Journalist, Kyodo News and former Reuters Institute Journalist Fellow
The Japanese media market is characterised by strong, high-circulation newspapers and by five national television networks, including licence fee-funded public broadcaster NHK. Online news is dominated by Yahoo!, which mainly aggregates other news sources but has started to produce more original content.
Japanese newspapers still sell over 40m copies each day, among the highest rates in the world, with around 0.75 copies per household. The largest print circulation remains the conservative Yomiuri Shimbun’s 8.56m, followed by 6.26m for the liberal Asahi Shimbun, but total circulation continues to fall by around 1m a year.1
Japanese newspapers’ digital shift is led by the economic daily Nikkei (Nihon Keizai Shimbun, or Japan Economic Daily), which purchased the Financial Times in 2015. For its growing 558,900 digital subscribers, the Nikkei recently changed its policy to publish exclusive stories online first. ‘Evening Scoops’ are now regularly sent to digital devices at 6pm every day, instead of in the small hours. This is a clear shift in strategy towards prioritising the interests of online readers.
Asahi Shimbun operates a metered paywall and has also been investing in new brands: Withnews is a youth-orientated website that aims to provide a different range of stories, a more visual style, and greater interaction with reporters. WebRonza provides expert articles by academics, analysts, business executives, and Asahi’s veteran journalists. Huffpost Japan is also affiliated with Asahi.
Another big national daily, Mainichi Shimbun, has launched an ‘integrated digital reporting centre’ focusing on digital-first publishing. Yomiuri keeps its print edition bundled with online subscription packages, one factor that may have helped the paper keep its headline 8m circulation.
It is striking that while NHK and Nikkei are the two news brands with the highest trust levels in our survey, Asahi was the lowest of five major dailies including the very conservative Sankei Shimbun. In recent years, the liberal broadsheet has been criticised by politicians from both the ruling conservative Liberal Democratic Party and right-leaning media. Prime Minister Shinzo Abe wrote on Facebook about Asahi’s reaction to an alleged error: ‘It’s pitiful. A miserable excuse just like Asahi. It’s all expected.’ On a different occasion, another conservative Diet member, Yasushi Adachi, tweeted: ‘Asahi, you shall die’, while right-leaning magazines publish headlines like ‘We have to shut down Asahi’. Further analysis shows that Asahi’s weaker trust is partly a result of high levels of distrust from these vocal and partisan critics on the right. After this year’s survey was conducted, Asahi published a series of exposés which rocked the government and slashed Prime Minister Abe’s approval rating. The impact is not reflected in this year’s survey.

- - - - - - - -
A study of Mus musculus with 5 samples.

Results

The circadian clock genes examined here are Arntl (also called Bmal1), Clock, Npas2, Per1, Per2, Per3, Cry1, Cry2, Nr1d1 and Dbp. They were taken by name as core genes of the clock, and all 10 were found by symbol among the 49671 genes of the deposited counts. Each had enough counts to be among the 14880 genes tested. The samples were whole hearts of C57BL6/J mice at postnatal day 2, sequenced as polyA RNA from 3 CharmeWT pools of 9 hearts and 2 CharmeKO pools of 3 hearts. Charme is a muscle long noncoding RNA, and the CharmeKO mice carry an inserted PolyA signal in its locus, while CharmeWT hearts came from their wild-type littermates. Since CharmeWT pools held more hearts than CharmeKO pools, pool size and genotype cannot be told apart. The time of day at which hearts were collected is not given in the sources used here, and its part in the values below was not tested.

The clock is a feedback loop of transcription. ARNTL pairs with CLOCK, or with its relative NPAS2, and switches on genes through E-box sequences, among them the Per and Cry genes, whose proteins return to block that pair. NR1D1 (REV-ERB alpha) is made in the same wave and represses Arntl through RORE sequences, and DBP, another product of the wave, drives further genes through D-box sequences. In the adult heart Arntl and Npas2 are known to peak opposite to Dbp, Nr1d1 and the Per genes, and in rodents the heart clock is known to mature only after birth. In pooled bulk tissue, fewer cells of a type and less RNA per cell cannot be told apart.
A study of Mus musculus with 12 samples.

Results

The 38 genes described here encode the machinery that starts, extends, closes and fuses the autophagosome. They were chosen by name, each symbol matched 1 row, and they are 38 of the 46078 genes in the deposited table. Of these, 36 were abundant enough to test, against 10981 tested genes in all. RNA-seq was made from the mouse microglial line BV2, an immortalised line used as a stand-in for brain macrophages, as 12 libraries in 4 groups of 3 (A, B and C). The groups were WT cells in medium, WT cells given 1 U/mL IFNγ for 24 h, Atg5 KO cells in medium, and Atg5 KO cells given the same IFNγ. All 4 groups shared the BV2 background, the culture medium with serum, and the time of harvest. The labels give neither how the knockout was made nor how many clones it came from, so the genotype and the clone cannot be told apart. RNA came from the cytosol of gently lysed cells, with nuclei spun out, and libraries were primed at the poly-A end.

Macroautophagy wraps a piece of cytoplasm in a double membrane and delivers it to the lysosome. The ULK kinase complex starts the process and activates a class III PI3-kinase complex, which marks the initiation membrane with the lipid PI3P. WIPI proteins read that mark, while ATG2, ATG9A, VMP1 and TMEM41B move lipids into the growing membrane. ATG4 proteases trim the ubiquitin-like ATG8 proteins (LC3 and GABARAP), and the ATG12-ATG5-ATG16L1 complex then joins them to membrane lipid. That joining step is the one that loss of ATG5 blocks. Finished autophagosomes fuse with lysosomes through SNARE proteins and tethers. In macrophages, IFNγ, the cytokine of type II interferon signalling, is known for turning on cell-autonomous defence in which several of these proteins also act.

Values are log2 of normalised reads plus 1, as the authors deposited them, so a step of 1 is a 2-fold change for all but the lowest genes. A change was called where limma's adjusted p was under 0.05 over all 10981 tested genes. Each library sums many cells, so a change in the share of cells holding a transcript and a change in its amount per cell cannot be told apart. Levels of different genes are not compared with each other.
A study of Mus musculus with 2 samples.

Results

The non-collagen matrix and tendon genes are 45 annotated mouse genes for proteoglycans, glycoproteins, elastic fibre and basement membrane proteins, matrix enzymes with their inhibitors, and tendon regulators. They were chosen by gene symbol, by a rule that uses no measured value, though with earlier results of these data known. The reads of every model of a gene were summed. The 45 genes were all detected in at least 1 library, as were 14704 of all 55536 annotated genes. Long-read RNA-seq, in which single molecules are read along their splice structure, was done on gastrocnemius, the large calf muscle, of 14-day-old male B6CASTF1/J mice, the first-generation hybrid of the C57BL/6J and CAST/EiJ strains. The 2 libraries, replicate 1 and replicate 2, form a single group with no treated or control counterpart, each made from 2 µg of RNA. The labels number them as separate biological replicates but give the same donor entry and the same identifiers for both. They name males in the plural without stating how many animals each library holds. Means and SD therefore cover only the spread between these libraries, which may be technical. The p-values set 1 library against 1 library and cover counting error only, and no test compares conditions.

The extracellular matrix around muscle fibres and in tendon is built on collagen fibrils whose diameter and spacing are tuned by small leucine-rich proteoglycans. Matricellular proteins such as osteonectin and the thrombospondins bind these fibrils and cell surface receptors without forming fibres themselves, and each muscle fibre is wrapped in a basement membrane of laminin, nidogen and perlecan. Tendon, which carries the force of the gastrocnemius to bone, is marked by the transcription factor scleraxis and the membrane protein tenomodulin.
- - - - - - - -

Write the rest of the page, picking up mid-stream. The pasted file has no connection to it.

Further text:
Fact-checking arrived in Japan in 2017. A coalition of digital start-ups and media analysts, FactCheck Initiative Japan (FCJ), launched a project to verify assertions in the general election campaign in October. It is unusual in that it uses experts and citizens to check both politicians’ remarks and media stories. The coalition has both liberal and conservative outlets on board. FCJ, funded by public donation, is run by journalists and academics.
Japan’s top online news source, Yahoo! Japan, is increasing its original news content, alongside its news aggregation platform. Masayuki Takada, an investigative reporter-turned-academic, joined as advisory editor. It has been publishing stories about autism, has covered schools for ethnic minorities, and reported on bullying against a government employee with a developmental disorder. Meanwhile, online financial news service NewsPicks announced that it has 60,000 paying subscribers. A free aggregation app, SmartNews, has been downloaded 25m times, while the messaging service Line, which is dominant in Japan with 73m monthly active users, provides news stories through mobile phones.
Uniquely across all the countries in this report, Facebook (22%) in Japan is only the fourth most popular social network, behind YouTube (51%), Twitter (27%), and Line (27%). In terms of news, Japanese also prefer Twitter (12%) to Facebook (9%), partly because they often feel uncomfortable with using real names online. Local video-sharing site Niconico is also gaining popularity (+3) partly because it allows user comments to be overlaid directly on videos, creating a sense of a shared experience.
News consumption is down across the board this year, with TV worst affected. Weekly reach for TV news has fallen by 4 points since 2013 while readers of print newspapers have dropped 26 points to 37%.
Japanese have traditionally had high trust in authority and mainstream news media, but a series of high-profile mistakes and malpractice by news media have affected general trust in recent years (43%). Television brands and local newspapers tend to be most trusted while tabloid-style weekly magazines (e.g. Weekly Bunshun) are least trusted, despite a strong track record in exposing scandals.